Recent data published this year (2010) shows that from 2000 to 2008, high blood pressure has been treated successfully in fifty percent of people who are afflicted with the condition. However, the same set of information indicates that little has been achieved in terms of curbing the occurrence of the so-called “silent killer.” In fact, although in the United States more or less 80% of individuals who have hypertension are aware of their condition, the study claims that around 20% of 70 million people are not aware that they have a potentially life-threatening condition.
Researchers agree that there is still much more to be done before hypertension, which is one of the leading risk factors in a host of other deadly afflictions such as heart disease, could be truly declared to be under control by the medical authorities.
What is the ordinary individual’s role as far as the fight against hypertension is concerned?
There are of course a variety of effective medications for controlling blood pressure. But these remedies often bring about some unpleasant side effects, not to mention their hefty price. Also, even medical experts agree that the best cure is prevention.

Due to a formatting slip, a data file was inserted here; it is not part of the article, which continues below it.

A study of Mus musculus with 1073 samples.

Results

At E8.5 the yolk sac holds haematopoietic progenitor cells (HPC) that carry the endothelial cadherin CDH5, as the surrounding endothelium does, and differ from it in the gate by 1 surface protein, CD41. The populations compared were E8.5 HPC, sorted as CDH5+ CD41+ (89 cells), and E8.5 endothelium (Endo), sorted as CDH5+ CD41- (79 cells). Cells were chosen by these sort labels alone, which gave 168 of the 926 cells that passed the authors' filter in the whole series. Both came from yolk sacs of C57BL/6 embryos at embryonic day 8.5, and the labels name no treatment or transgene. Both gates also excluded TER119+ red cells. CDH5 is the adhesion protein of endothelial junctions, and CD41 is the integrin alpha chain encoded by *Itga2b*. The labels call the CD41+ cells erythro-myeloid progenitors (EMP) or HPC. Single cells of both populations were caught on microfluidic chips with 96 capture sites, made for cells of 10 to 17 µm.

So how can one prevent himself or herself from acquiring this dreaded condition? It may still come as a surprise to some, even after all these years of public information campaigns by the government, schools, and private organizations that the defenses against the development of hypertension are well within everybody’s grasp. In fact, these potent weapons are common lifestyle choices that everybody should consider.
Maintain a healthy weight.
The importance of keeping a healthy weight in the prevention of high blood pressure can never be overstated. When one is overweight, the heart has to pump harder in order to convey blood to all the different regions of the body, inevitably leading to a rise in blood pressure. Eat sensibly and follow an exercise regimen to keep excess weight off.
Mind your diet.
The quality of food that one ingests is also quite significant in the prevention of hypertension. The ironic thing is that though most people are aware of this fact, few seem to actually care about it and allow themselves to fall into unhealthy eating habits. One should avoid excessive fat, salt, sugar, and cholesterol intake while eating more of the things that everybody knows is good for the maintenance of cardiovascular health, such as fruits, vegetables.
Do not smoke, and drink moderately.
Actually, too much of these two elements will render a person vulnerable not only to hypertension but also to numerous other serious medical conditions, including virtually all the major diseases like cancer and heart disease. One should seriously make an effort to stop smoking or not start in the first place. Smoking has no benefit, or even if there is, it is vastly overshadowed by any of its horrendous effects to the human body, not the least of which is hypertension.